Giving Animals a VOICE

Article by Dave Eckert

The group is called Chain of Hope, and its tagline is “because animals have no voice,” Hence, the headline to this article since that is exactly what Chain of Hope is doing-giving animals a voice. I spoke with the group’s director, Kate Quigley, and learned so much about the great things Chain of Hope has done.

“Judy Kerns and I started Chain of Hope in 2010. At the time, I was working at Spay Neuter KC (currently called Pet Resource Center). I was a vet tech for their low cost, high-volume spay/neuter clinic. I began focusing on the condition of the animals when they came in, the interaction they had with their owners, and other needs they had. If someone needed more help, I would walk out to their car with them, visit with them, and find out what they needed. If their dog didn’t have a doghouse, I’d get their address and bring them one. Whatever they needed, we tried to meet those needs,” Quigley recalled.
Quigley says they got 501C3 not-for-profit status and formed Chain of Hope. The response from the public was immediate.


“Once we began posting our pictures and stories on Facebook, people started supporting the work we were doing. It grew from there. We quickly had to begin addressing the neglect and cruelty that we began witnessing by being on the streets and in the backyards. We were the first animal outreach group in Kansas City. I think the pictures we began posting and the stories we began telling shocked a lot of people who weren’t aware of what was going on in this town with regards to animals,” Quigley shared.
Quigley says the ultimate goal of Chain of Hope is to alleviate the suffering of animals in the urban core of KCMO. “A lot of people are having trouble feeding their families, let alone their animals. Chain of Hope delivers thousands of pounds of dog and cat food every month to needy pet owners. We also put the highest priority on spaying and neutering. Spaying and neutering is the only answer to addressing the overpopulation of animals in KC-particularly of pit bulls and pit-bull mixes. The city shelter is full of them,” Quigley stated.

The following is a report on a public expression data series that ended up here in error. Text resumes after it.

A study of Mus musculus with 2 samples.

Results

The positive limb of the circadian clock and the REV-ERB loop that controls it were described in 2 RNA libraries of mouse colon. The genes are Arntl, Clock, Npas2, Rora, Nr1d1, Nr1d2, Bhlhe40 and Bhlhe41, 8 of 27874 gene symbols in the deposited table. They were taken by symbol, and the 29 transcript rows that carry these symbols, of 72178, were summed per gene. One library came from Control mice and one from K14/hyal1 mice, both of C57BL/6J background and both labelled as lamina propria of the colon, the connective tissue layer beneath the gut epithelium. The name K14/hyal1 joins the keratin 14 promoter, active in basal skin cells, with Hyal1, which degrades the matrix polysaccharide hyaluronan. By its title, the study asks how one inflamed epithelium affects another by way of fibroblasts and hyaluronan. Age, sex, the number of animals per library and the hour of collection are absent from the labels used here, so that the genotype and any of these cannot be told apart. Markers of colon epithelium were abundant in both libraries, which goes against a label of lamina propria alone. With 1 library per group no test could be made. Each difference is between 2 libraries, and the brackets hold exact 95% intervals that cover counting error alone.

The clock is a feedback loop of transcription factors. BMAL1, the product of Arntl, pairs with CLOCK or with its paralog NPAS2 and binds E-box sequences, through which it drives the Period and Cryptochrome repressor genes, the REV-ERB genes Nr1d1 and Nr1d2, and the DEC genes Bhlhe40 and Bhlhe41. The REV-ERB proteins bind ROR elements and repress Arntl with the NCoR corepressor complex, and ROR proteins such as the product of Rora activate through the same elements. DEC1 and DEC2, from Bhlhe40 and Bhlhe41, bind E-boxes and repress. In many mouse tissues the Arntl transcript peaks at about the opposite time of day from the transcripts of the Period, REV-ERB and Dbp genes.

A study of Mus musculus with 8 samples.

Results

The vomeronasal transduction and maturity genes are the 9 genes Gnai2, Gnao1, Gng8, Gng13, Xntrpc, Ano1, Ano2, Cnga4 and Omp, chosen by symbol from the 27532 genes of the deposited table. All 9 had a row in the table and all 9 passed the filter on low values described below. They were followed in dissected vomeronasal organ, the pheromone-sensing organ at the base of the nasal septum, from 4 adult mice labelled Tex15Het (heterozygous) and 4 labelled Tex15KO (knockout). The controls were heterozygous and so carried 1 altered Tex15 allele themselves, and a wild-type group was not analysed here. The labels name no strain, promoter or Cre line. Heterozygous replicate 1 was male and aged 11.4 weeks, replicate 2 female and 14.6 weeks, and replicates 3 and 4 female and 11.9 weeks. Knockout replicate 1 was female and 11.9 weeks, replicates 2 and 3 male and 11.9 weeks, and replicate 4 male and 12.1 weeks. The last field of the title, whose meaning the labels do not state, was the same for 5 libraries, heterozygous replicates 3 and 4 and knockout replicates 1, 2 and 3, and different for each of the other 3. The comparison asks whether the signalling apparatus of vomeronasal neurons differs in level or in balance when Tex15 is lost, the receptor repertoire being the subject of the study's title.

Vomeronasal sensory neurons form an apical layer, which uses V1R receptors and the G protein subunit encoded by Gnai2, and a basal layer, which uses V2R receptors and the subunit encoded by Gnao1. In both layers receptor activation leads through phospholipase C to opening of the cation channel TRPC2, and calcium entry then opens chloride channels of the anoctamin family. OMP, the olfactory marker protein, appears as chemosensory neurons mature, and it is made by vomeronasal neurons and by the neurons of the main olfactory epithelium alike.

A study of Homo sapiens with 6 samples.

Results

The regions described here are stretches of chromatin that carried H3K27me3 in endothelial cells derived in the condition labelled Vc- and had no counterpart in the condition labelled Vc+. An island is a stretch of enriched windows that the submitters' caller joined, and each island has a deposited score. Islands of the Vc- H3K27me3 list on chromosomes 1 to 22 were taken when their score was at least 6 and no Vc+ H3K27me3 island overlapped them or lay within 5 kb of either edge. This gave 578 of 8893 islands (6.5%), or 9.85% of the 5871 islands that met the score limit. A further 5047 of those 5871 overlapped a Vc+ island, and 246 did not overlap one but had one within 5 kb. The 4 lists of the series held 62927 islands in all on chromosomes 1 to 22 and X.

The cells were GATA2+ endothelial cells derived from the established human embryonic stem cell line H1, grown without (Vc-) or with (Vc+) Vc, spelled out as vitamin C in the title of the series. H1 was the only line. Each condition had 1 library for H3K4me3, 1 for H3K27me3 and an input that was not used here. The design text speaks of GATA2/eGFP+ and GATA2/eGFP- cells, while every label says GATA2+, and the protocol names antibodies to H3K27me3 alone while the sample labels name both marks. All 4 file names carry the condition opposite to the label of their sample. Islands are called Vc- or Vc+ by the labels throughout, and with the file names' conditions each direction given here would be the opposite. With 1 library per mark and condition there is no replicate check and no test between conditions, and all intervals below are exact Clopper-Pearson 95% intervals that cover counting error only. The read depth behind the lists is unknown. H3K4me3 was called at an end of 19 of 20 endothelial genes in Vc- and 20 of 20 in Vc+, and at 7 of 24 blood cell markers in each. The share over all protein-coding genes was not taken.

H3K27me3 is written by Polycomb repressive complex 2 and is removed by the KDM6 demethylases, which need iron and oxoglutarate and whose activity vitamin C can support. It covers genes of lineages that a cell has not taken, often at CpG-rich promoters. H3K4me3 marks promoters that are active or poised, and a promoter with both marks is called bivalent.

Quigley says while the group still very much attempts to meet the needs of owners, it also tries to meet the needs of the animals. “Standing up for righteousness is very important to us. Not accepting neglect, which means being brave enough to call people out. It might be the first time someone has ever been challenged on how they’re keeping their animal. It might also be the first time someone has ever been offered assistance to get make things better. Animals living on tow chains in backyards with flies eating their ears don’t have a voice. They have no one to speak for them. That’s why it is our obligation when we come across animal neglect or cruelty, we must intervene. We always start with an offer of assistance. The goal is always to improve the animal’s life,” Quigley said.

I asked Quigley how people could get involved. She shared the group’s website,, email is and phone number 816-221-8080. You can also follow them on Instagram @chain_of_hope_kc, and on Facebook

Come on Kansas City, let’s give all animals a voice!